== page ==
Earth Day, a day when the focus of millions of Americans is on making the planet environmentally better. But for activist May Boeve and the 350.org organization she represents, every day is an earth day, a day for working to combat climate change that threatens our very existence.
Boeve was one of the 4 panelists who appeared last week at the program Keystone XL: The Science, Stakes, and Strategy Behind the Fight Over the Tar Sands Pipeline at the University of California Center in DC. Much of the event was focused on the best way for activists to advance their climate change agenda.
Earlier this year, 350.org was one of the sponsors of the Washington rally in which more than 40,000 people called on President Barack Obama to reject the 875-mile pipeline which would transport oil from Canadian tar sands through the midwestern United States. Obama has yet to rule on the project.
"This is a battle against the fossil fuel industry and we want him to chose us," Boeve said. "This won't be over until we give up and we won't give up."
David Roberts of Grist
magazine, who has been covering Keystone regularly and recently wrote
about the “Virtues of Being Unreasonable on Keystone” said the climate change movement was currently suffering from a phenomenon known as pluralistic ignorance. In simple terms pluralistic ignorance occurs when people
think that a position they favor isn't really supported by others even though it actually is.
Roberts said what is needed is a social phenomenon called social proof. "People do not analyze facts. They look to other people for their cues. People will wait until they get those cues. Why do you think they have laugh tracks on television," he said.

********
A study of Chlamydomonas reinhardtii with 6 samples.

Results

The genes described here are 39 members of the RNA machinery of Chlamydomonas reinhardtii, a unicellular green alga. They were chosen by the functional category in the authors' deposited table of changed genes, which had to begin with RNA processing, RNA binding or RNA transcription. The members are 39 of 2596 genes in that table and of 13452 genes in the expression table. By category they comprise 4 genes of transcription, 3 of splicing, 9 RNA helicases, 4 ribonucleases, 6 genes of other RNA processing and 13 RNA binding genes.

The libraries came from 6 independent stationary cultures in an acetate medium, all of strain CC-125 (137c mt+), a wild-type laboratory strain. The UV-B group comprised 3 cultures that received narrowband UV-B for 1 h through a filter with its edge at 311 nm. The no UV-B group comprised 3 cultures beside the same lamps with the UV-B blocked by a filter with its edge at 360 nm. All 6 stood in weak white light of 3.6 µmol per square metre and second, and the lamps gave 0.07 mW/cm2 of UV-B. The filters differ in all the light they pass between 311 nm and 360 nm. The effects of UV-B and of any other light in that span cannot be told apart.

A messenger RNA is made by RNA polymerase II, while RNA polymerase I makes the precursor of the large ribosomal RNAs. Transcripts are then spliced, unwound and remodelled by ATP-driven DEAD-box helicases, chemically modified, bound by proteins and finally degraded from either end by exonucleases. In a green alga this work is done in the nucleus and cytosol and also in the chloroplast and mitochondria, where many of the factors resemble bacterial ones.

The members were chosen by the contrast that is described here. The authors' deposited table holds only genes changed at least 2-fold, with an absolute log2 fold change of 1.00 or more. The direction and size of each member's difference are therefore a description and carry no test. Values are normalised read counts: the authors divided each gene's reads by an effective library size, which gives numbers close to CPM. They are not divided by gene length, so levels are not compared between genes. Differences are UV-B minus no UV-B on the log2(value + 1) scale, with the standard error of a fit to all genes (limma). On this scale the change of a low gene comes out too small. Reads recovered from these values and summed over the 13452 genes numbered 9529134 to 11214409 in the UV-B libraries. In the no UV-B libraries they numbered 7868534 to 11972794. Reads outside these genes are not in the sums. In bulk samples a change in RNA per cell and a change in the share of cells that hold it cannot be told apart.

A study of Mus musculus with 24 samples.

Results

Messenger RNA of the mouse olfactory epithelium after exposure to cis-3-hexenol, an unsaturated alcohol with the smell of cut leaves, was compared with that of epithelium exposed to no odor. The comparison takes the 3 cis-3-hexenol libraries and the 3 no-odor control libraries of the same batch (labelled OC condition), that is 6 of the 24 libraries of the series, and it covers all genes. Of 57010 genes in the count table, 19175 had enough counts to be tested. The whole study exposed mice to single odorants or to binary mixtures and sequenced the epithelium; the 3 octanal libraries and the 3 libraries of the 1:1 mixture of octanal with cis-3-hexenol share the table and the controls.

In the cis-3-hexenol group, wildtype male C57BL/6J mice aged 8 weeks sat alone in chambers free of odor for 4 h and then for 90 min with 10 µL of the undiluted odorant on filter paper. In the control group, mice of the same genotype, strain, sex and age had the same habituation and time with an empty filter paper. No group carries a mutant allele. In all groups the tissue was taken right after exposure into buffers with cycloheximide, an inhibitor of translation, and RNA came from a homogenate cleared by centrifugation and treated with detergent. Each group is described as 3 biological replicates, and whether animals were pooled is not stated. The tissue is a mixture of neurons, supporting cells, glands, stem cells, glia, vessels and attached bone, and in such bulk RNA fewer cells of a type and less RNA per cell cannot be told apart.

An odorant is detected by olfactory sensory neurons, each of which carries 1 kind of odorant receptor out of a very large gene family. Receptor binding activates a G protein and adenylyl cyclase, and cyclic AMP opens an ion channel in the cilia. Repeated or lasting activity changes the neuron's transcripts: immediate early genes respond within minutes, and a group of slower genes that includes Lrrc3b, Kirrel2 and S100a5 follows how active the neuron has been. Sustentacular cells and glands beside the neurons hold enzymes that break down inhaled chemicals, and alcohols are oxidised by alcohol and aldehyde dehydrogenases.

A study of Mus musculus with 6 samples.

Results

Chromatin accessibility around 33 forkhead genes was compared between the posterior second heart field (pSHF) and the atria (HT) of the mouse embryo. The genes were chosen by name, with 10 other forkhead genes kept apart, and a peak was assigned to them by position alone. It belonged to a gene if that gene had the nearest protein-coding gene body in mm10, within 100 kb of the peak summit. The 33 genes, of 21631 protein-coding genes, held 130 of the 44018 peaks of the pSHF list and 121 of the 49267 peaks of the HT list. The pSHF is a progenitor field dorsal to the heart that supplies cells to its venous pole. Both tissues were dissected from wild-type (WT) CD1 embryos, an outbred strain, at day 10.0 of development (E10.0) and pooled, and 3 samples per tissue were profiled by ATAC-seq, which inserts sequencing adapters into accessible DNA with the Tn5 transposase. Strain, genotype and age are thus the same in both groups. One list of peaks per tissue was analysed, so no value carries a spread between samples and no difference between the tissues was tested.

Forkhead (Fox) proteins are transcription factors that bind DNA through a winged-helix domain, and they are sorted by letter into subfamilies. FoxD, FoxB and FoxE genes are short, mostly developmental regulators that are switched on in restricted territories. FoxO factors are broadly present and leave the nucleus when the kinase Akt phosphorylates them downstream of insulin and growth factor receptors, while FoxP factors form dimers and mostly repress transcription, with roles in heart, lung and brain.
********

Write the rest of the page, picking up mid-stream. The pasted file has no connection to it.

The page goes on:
When it comes to climate change, Roberts believes there "are a lot more people out there with a sense that things are badly wrong, but they don't want to be that person (who starts the movement). What's needed is social proof - a signal to other people that it really is an emergency."
Roberts says that activists can serve that purpose. "The more signals that are sent, the more people will care. So I say 'yeah activism.'"
Grunwald, senior national correspondent for Time magazine and author of
The New New Deal: The Hidden Story of Change in the Obama Era recently declared that on Keystone, “I’m with the Tree Huggers!”
"I'm not afraid of the oil that spills. I'm more afraid of the oil that doesn't spill," Grunwald said. "Keystone is not the perfect fight, but it's the fight we're having and it's time to choose a side. We need to leave carbon in the ground and we need to put a political price on carbon," Grunwald said.
Levi, director of the program on Energy Security and Climate Change at
the Council on Foreign Relations and author of the new book The Power
Surge: Energy, Opportunity, and the Battle For America’s Future contends that combating climate change will require
“doing deals with those who want to expand production of oil and gas.”
"I worry about this you're either with us or against us stance," Levi said. "I worry a lot about that kind of division. You're going to need Congress to do some things and for them not to do some things.We need to have broad support; we need to make sure we don't have too many unnecessary enemies. People need to realize there is a path they can take to solve the problem."
Tales, Tidbits, and Tips
The event began with the showing of a cartoon about the Keystone project from the opposing perspective. To view that video, click here.